Growth in North American organisations facing ESG litigation

One in ten organisations in North America experienced ESG litigation in 2023, compared to just 2% the year before, according to Norton Rose Fulbright’s Annual Litigation Trends Survey. The share of respondents involved in energy-related litigation also doubled. The law firm surveyed more than 400 general counsel and in-house litigation leaders based in the US and Canada.

The survey found that nearly a quarter (24%) of respondents saw their ESG dispute exposure increase over the last year, with 27% expecting more exposure in 2024. The latter group includes significant proportions of respondents in energy (41%), real estate and construction (36%) and technology (36%).

“As ESG issues become politically polarised, organisations are increasingly finding themselves stuck in a tug of war between ESG regulatory pressure and vocal opposition from stakeholders,” said Norton Rose Fulbright.

The law firm says two conflicting trends appear to be driving the increase in dispute potential. Pro-ESG regulatory pressures are the leading issue (40%), followed by anti-ESG sentiment from stakeholders (37%). “These competing forces pose a thorny problem for organisations that are navigating compliance with ESG disclosure requirements like the EU’s Corporate Sustainability Reporting Directive while also trying to temper opposition flaring among conservative political circles in the US,” says the report.

However, it notes that the anti-ESG bark may be bigger than its bite. Only 29% of respondents say anti-ESG regulatory pressures are contributing to an increase in exposure. Similarly, pro-ESG sentiment from stakeholders may be less of an issue than ESG and climate-related regulations themselves – just a third (33%) say it is a factor in increasing dispute exposure.

Within ESG issues, environmental concerns again rank as the most prominent area expected to drive disputes in 2024 (71% of respondents). Exposure to disputes and litigation surrounding climate change and greenhouse gas emissions rank second (43%), followed by breaches of contractual obligations related to environmental compliance (40%).

Among respondents who expect their environmental exposure to increase in the coming year, more than half (54%) identify allegations related to greenwashing or other false environmental claims as a contributor.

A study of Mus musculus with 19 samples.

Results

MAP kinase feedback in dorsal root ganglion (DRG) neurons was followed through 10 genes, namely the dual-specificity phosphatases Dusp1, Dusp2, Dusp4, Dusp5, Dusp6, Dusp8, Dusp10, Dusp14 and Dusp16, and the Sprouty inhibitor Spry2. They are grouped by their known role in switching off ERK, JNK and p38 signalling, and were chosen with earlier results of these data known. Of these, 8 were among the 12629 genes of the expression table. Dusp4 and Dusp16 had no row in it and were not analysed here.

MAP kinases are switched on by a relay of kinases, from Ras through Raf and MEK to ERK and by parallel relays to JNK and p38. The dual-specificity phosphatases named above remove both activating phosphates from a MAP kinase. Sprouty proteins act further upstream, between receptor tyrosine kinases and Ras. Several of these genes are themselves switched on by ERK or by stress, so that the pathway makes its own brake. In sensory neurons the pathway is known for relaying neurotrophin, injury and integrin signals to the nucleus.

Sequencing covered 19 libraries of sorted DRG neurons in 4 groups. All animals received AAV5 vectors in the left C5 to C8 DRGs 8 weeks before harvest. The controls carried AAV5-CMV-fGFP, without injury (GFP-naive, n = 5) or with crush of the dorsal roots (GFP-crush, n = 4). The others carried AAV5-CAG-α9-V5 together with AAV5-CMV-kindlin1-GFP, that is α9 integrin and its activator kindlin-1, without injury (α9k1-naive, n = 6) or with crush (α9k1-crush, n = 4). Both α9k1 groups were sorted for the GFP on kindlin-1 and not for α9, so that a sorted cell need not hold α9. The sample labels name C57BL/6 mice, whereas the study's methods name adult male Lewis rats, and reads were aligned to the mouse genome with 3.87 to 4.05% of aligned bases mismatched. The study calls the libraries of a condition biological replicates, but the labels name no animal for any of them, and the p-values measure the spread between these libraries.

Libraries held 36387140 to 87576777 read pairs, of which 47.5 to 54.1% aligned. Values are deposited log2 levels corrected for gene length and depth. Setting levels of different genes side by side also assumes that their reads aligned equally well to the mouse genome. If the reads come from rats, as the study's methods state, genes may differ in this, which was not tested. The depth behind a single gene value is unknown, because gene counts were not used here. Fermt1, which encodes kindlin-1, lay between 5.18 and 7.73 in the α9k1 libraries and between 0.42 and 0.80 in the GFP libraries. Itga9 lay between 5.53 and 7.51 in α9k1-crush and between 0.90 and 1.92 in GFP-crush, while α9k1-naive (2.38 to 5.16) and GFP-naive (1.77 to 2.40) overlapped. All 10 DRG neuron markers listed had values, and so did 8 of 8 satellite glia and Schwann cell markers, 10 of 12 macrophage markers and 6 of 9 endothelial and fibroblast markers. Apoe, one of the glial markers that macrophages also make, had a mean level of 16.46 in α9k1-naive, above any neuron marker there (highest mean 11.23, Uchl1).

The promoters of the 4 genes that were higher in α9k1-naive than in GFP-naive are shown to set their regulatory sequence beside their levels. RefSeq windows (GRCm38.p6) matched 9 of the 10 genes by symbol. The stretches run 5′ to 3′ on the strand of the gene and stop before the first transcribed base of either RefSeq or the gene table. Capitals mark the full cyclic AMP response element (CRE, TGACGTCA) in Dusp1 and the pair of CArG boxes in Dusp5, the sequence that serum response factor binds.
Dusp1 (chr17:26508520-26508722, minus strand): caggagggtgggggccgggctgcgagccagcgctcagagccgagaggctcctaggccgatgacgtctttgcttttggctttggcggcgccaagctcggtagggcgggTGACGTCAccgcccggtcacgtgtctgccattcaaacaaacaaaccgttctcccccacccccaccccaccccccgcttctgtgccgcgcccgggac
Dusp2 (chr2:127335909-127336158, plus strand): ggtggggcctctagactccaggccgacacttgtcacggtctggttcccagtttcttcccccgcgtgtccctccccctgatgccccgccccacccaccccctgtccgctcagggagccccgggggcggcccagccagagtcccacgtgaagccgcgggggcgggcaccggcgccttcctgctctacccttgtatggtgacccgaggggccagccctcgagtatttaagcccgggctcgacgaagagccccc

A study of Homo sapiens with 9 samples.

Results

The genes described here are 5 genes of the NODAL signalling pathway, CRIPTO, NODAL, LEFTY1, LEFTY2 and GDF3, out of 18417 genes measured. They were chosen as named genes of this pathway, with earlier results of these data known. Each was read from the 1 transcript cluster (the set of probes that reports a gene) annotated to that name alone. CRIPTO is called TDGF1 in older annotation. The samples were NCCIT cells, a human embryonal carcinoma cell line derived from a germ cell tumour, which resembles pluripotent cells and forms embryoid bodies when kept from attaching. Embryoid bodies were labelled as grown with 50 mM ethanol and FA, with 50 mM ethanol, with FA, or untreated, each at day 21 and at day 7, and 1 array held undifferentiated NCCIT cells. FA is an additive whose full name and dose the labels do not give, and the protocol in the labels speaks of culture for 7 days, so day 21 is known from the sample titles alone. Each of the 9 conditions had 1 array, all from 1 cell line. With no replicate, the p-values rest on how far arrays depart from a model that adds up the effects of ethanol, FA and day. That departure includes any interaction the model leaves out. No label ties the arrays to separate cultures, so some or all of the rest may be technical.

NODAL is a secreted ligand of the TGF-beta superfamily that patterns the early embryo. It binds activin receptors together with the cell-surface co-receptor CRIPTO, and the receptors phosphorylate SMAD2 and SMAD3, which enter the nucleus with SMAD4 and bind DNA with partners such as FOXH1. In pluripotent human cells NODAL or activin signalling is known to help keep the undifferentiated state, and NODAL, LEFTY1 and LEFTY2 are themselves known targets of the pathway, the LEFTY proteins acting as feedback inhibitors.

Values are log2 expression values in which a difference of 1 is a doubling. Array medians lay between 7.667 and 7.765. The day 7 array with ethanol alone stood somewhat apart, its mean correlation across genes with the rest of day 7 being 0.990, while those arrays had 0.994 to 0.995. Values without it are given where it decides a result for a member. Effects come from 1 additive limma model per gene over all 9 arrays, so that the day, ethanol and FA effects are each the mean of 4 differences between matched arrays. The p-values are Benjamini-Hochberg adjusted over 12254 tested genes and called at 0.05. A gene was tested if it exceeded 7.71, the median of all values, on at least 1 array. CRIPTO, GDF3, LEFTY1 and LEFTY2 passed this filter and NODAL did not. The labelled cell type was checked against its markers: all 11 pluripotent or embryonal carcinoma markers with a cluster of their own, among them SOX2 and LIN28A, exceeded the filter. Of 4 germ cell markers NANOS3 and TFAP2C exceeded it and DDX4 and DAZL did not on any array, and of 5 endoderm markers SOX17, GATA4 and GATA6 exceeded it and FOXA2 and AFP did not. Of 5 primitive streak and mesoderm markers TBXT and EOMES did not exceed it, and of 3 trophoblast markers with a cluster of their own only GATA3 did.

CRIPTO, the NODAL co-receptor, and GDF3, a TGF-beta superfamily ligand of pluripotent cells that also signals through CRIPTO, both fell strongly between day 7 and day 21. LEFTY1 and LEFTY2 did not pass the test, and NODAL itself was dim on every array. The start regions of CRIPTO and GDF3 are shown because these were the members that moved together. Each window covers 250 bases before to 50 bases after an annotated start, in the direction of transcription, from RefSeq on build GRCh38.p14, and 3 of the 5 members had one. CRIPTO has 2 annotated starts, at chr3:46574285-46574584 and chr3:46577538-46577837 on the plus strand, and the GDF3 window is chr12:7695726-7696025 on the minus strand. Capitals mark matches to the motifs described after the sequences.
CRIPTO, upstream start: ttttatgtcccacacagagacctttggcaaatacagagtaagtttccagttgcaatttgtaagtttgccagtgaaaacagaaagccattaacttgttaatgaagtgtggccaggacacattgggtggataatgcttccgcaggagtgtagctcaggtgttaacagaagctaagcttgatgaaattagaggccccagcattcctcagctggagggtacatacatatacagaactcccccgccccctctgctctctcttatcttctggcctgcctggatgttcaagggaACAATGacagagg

“This comes as regulators like the Securities and Exchange Commission (SEC) focus on greenwashing in relation to ESG, and as activists continue to target the accuracy of corporate environmental claims in statements and advertising,” said Norton Rose Fulbright disputes partner Rachel Roosth.

Social issues falling under the ESG umbrella are also an area of future concern for more than half (58%) of respondents. The report says: “This is thanks in large part to the recent controversies surrounding diversity, equity and inclusion (DEI) programmes, after the Supreme Court struck down higher education affirmative action policies in 2023. Among organisations that expect greater exposure to social disputes, DEI policies and practices rank as the leading contributor (42%), followed by human rights (41%), which may reflect the spotlight cast by congressional investigations into forced labour allegations tied to corporate operations in China.”

The survey also found that 36% cite labour rights as a factor, results that come amid continued activity by labour unions – including a months-long strike by the Writers Guild of America in the spring and a major strike among autoworkers in autumn, the law firm noted.

As for class actions, the survey found that of the 28% of respondents who were involved in class action litigation over the past 12 months, employment & labour matters and cybersecurity & data protection/privacy issues were the most common such types, with 55% and 35% respectively experiencing these in 2023. ESG was a growing focus for class actions in 2023, experienced by 11% of organisations involved in class actions compared to just 8% in 2022. Consumer protection also jumped seven percentage points, from 27% to 34%.

The top areas of class action concern for 2024 are employment & labour matters (48%), cybersecurity & data protection/privacy issues (46%), consumer protection (39%), ESG (38%) and product liability (30%).